Last weekend I was with my friend Brianne who has two daughters, a three year old and one year old.
We were watching the girls run in and out of a playhouse designed with one of those barn style doors that allows you to swing shut the bottom and then the top. A process which the toddlers did repeatedly with delight. I stood nearby and cringed with fear each time the door halves would bounce against the frame. In my mind it was only a matter of time before some tiny finger was severed.
This might be an irrational fear for the average person, but reasonable if you had chopped your sisters finger off in a door, something I did about fifteen years ago.
Hearing your sister scream and having to hunt for a tiny pinky on the linoleum floor is a gripping memory. Luckily, the hospital was close and they were able to sew her all back together. It was not an event one forgets easily.
My cringing brought me to recall the memory to my friend. Brianne is a mother, she is kind, strong, compassionate and ever attentive to danger when it comes to her kids; I know Brianne is a good mother but I wanted her to prove it by stepping in and demanding the fun was over, or at least bolting the doors open so her two little ones would have less painful experiences while they enjoyed the playhouse.
I took safety into my own hands and decided to close the door and slide the bolt into place, a temporary solution because we could not realistically keep them in or out of the playhouse (its bad form to lock kids in a box).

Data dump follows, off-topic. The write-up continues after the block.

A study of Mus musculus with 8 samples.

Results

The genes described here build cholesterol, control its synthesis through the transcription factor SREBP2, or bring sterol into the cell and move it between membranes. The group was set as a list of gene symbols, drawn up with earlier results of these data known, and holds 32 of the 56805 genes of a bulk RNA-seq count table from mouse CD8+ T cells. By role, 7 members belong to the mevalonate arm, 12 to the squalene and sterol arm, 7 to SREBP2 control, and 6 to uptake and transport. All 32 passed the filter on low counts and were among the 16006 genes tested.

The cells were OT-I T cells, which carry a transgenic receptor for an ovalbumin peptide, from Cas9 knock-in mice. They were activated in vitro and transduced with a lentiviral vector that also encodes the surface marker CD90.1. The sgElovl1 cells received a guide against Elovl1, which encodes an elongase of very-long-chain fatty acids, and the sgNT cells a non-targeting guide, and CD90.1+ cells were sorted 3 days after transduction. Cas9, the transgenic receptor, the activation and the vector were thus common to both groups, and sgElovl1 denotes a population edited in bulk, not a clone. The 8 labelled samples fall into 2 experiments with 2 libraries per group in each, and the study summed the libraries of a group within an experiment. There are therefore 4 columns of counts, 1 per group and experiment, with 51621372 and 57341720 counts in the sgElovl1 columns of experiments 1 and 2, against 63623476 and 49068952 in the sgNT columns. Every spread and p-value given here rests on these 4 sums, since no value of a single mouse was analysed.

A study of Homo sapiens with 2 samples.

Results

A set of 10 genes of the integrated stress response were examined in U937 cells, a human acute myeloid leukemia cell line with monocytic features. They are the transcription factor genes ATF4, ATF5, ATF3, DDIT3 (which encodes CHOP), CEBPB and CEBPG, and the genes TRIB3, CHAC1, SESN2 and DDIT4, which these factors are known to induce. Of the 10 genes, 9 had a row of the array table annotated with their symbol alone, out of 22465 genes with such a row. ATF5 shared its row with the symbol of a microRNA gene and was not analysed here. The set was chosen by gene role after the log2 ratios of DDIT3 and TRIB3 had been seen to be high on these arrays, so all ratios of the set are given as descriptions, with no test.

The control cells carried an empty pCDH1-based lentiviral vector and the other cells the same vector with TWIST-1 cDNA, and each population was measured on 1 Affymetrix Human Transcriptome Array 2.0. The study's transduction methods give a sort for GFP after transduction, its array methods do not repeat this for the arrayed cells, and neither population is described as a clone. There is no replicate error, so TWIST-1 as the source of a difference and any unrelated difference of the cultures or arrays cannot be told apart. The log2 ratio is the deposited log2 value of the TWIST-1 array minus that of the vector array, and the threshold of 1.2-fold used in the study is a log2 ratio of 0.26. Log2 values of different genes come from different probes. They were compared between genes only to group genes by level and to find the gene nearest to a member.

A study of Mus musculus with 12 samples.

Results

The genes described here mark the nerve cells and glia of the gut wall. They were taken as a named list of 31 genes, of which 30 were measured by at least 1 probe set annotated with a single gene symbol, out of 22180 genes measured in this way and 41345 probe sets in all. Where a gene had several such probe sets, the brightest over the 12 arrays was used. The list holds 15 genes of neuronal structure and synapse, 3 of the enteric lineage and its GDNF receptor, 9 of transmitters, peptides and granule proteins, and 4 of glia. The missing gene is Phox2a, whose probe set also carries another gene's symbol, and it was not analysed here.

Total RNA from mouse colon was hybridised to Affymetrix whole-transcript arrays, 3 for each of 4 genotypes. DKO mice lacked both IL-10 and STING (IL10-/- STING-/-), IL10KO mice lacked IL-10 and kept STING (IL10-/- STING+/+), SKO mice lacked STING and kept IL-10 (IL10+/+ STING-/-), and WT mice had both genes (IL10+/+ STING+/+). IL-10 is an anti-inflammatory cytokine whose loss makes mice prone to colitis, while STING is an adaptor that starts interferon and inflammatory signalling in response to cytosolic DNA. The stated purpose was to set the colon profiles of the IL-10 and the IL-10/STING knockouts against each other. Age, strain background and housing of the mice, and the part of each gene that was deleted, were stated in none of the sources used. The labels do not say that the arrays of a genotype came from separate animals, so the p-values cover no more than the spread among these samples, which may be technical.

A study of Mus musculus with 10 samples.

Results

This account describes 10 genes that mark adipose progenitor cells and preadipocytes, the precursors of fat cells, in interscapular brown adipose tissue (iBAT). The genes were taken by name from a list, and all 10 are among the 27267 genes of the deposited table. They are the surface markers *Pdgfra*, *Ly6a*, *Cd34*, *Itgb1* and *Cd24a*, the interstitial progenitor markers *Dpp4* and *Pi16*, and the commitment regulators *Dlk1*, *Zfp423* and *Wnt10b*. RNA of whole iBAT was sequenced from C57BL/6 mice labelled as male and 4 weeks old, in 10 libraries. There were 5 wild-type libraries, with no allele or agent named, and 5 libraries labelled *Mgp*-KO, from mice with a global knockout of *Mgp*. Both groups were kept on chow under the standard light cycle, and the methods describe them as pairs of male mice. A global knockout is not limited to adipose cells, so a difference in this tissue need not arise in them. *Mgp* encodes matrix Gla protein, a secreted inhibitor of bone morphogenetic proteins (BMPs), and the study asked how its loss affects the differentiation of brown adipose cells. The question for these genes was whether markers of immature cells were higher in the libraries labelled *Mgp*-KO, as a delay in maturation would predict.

More than I like to admit fear is a director in my life, controlling my movements with precision and analysis. A master manipulator, fear talks me out of adventure with the threat of too much money or not enough support. Fear is tricky in its lies muddled with truth. A chopped finger should make me cautious, but it shouldn’t keep me away from experience.
It’s easy to forget fear can be healthy, it keeps us from stepping into traffic or walking alone in dark alleyways. Fear has helped me walk away from dating partners who didn’t have my best interest in mind and cautioned me against eating raw chicken.
Fear can only control me when I give it the power to do so.
Brianne knew my story and could agree chopping your sisters finger off is a good reason to stop slamming doors, but she taught me it is not a good reason to quit using them.
I wanted her to protect her girls from the potential of pain and injury, but this is an unrealistic goal for a mom and also for me. All the doors cannot be removed or bolted open, people like doors, they keep out the cold and protect us from seeing into public bathrooms (a greatly admired quality).
Eventually there was a tiny finger smashed in between the halves of the door, tears sprouted quickly into the eyes of the injured toddler and Brianne in all of her motherly watchfulness scooped her child up and consoled her with tenderness. No limbs lost, just the pain and shock of a new experience.
Brianne didn’t limit their adventures but she did guide them though.
This is the type of woman I want to be, both like mother and child, observant, present in my relationships and a shelter of comfort when needed, but also curious and excited about the discovery and possibility of new adventure.
I want to control how fear impacts my adventures and not the other way around.
If that adventure is in a relationship, I want fear to help me to avoid a partner with an anger issue but not keep me from dating all together. If the adventure is with my faith, I want fear to keep me from becoming impassive and lethargic but also not hold me back from exploring possibilities of God outside of my limited perspective. And if the adventure is planning a trip to Iceland or traveling the Trans-Siberian Railway, I want fear to teach me not to wave money around or take drugs from strangers but I don’t want to allow fear the power to keep me in my hotel room.
Brianne is a good mother because she knows the difference between controlling fear and allowing it to control you. It’s a lesson worth learning.